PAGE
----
Deputy President steps in, puts SA farmers at ease after Trump's land expropriation comments
As South Africa debates US President Donald Trump's comments about land expropriation, Deputy President David Mabuza took the opportunity to quell farmers' fear and apprehension.
He said: "As the leadership of the ANC and government, we are clear that the implementation of land reform measures must not result in social fractures and racial polarisation.'
He was speaking a land summit organised by Landbouweekblad and Agri SA in Bela-Bela, Limpopo. "The land reform processes that we are undertaking poses no direct threat to the agriculture sector and the economy as a whole," he added.
South Africa's second-in-command called on farmers to continue to work hard, invest in their farms and increase production, while extending a hand of collaboration to the government to ensure that more and more South Africans enter the sector through organised and systematic access to land for productive use.
"Everything we do will be done within the confines of our constitutional framework. As the ANC, we will not support 'land grab' processes intended to undermine the economy and the work of the agriculture sector."
Mabuza promised that no farms would be invaded or grabbed and that farmers did not have to fear for their well-being.
"We would like to discourage those who are using this sensitive and emotive issue of land to divide us as South Africans by distorting our land reform measures to the international community and spreading falsehoods that our 'white farmers' are facing the onslaught from their own government. This is far from the truth."
On Wednesday, Trump tweeted: "I have asked Secretary of State @SecPompeo to closely study the South Africa land and farm seizures and expropriations and the large scale killing of farmers. South African Government is now seizing land from white farmers."
That tweet followed a Fox News report on land expropriation in South Africa. In it, host Tucker Carlson interviewed Marian Tupy, an analyst at the Cato Institute, a think tank in Washington.
Activist group AfriForum travelled to the US in May to lobby individual members of the US Senate and the House of Representatives on the land issue and farmer safety.
On Thursday, AfriForum told News24 that its lobbying "certainly had an impact".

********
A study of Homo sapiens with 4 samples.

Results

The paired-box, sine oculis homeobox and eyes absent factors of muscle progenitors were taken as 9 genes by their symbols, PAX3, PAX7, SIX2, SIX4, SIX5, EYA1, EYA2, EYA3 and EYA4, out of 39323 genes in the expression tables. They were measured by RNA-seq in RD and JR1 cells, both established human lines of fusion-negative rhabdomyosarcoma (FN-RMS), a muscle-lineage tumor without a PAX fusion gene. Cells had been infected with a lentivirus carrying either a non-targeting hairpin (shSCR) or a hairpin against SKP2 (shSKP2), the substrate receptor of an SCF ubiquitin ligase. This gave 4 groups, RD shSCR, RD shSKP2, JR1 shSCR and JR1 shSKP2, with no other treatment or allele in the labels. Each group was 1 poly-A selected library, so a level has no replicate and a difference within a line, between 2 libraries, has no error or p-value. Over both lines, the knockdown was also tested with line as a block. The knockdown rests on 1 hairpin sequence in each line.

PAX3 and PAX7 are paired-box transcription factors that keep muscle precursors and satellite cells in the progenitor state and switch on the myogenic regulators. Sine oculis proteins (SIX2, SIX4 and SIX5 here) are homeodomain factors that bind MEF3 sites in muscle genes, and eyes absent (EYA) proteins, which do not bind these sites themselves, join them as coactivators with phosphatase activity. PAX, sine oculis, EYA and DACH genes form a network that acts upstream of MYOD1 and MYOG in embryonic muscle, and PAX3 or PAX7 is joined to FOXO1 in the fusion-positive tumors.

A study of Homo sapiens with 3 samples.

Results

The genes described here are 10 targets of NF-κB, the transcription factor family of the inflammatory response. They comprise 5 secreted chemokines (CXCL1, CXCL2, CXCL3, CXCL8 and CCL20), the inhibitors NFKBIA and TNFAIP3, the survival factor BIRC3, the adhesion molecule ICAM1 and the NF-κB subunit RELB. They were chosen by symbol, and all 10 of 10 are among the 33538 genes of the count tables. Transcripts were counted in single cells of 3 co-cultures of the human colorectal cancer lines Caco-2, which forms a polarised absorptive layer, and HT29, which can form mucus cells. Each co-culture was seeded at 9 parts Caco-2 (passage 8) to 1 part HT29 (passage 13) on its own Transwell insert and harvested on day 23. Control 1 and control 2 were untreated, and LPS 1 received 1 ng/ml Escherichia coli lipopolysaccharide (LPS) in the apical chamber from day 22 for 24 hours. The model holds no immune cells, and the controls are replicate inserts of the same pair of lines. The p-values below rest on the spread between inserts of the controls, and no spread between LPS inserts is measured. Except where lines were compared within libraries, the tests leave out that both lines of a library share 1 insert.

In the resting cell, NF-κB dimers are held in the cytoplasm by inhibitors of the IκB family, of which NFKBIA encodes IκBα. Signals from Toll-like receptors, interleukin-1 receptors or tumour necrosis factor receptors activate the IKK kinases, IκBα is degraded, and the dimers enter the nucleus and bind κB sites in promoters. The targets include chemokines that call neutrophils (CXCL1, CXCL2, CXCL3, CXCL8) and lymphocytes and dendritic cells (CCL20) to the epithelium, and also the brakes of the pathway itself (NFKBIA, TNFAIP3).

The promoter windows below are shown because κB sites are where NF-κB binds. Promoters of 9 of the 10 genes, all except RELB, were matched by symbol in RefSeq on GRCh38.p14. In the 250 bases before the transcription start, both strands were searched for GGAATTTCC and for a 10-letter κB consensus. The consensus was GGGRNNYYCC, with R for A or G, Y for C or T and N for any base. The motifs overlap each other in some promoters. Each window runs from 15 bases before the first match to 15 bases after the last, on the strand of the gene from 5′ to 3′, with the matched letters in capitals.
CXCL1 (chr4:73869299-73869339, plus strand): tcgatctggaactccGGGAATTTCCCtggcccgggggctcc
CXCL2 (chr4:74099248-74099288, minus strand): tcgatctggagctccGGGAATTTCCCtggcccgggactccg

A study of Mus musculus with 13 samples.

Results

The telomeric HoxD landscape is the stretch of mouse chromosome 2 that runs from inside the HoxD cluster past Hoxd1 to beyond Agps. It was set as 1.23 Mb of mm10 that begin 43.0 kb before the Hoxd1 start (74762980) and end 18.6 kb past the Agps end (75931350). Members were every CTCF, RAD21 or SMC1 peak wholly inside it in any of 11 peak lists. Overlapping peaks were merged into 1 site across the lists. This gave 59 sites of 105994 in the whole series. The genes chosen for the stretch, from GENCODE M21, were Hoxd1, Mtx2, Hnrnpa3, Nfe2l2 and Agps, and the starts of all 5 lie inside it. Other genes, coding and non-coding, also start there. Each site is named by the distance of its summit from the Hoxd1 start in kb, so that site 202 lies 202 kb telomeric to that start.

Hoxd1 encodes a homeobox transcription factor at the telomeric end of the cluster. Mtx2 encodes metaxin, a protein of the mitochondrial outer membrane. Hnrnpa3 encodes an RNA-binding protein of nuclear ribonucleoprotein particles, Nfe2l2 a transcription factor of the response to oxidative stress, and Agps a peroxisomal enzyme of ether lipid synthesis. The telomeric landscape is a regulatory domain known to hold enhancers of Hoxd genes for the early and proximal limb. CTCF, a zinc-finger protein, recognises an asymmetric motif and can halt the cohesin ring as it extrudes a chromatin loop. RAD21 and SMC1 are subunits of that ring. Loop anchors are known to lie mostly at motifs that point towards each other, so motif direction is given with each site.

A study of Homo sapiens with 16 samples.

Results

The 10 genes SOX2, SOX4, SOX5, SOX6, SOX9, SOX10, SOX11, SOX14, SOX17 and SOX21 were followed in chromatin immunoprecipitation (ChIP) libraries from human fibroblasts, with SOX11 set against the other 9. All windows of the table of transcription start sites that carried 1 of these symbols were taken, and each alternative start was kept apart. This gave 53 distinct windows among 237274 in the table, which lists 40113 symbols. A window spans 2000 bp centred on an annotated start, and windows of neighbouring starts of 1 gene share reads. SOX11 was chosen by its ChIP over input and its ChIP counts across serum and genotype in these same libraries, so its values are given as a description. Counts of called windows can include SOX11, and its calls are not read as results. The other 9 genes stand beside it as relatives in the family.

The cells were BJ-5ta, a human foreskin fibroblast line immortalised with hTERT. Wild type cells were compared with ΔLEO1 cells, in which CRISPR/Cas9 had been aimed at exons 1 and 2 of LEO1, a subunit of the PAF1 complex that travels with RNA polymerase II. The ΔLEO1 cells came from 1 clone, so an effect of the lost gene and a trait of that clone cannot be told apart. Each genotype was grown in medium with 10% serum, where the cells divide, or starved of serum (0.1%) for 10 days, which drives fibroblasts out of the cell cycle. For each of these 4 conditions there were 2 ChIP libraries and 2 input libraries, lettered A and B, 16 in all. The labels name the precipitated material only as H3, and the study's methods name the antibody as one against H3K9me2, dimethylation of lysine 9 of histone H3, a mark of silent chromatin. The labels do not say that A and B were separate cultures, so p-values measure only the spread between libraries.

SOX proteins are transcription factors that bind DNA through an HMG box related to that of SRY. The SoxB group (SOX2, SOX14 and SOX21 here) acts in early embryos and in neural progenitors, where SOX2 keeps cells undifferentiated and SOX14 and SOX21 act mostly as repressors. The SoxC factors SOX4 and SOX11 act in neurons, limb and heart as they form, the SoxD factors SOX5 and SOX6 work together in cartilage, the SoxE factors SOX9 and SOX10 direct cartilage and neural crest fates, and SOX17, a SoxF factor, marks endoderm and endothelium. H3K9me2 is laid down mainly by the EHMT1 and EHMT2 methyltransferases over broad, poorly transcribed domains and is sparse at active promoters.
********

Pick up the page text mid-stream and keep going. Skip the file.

"We have spoken with a lot of people who have had contact with President Trump and we have spoken with many think tanks, one of them for example the Cato Institute, which has taken a very strong stance shortly before this statement now by President Trump," Deputy CEO Ernst Roets said.
But Mabuza said on Thursday that the government was resolute in protecting the sector to prevent any contraction and threat to food security and that farmers should not fear land reform because it would not destroy production. "Instead, it is about expanding new horizons and possibilities to double our production capacity, especially where land has already been restituted and redistributed. It is about expanding access to land and ensuring that every piece of land is productive, including communal land."
Mabuza has said that government-owned land would be the immediate focus in approaching land reform.
He made it clear that land reform would begin with government-owned land earmarked for agricultural production, industrial use, human settlement and economic and industrial development.
"Government will prioritise land under the ownership of the state, including unused and under-utilised state land and ensure that this land is redistributed and put to productive use," said Mabuza.
"We also have agricultural land that has absentee farmers and is lying fallow. Such land will be transferred to the people who will put it to productive use."
Mabuza added that another key sector in land reform would be mining.
"To address the competing interests between agriculture and mining, I have already started a process of engagement with the mining houses to make sure that land owned by mines, which is no longer available for mining, is rehabilitated for agricultural use. "Government will work with the agriculture sector in this regard to ensure that this land is properly rehabilitated and put to productive use."
Mabuza also explained that land would always be a sensitive issue and that the question of expropriation without compensation was an emotive issue among South Africans.
"Land has always been a sensitive matter, and it is at the heart of ordinary people's daily struggle for economic participation and social empowerment.
"Access to land for productive use in agriculture, industrial development and human settlements remains a defining feature for the aspirations of those with no access to land," said Mabuza.
"There are many voices crying for access to land to improve the living conditions and open up opportunities for sustainable livelihoods."
Mabuza acknowledged that progress made on land reform has not been at a desired speed and that where restitution has been effected, not all of that land has been put to productive use.
"These are facts that exist against a background of poverty, high unemployment and growing inequality. These challenges are prevailing, notwithstanding all achievements we have made since 1994. "The path we are on is not sustainable."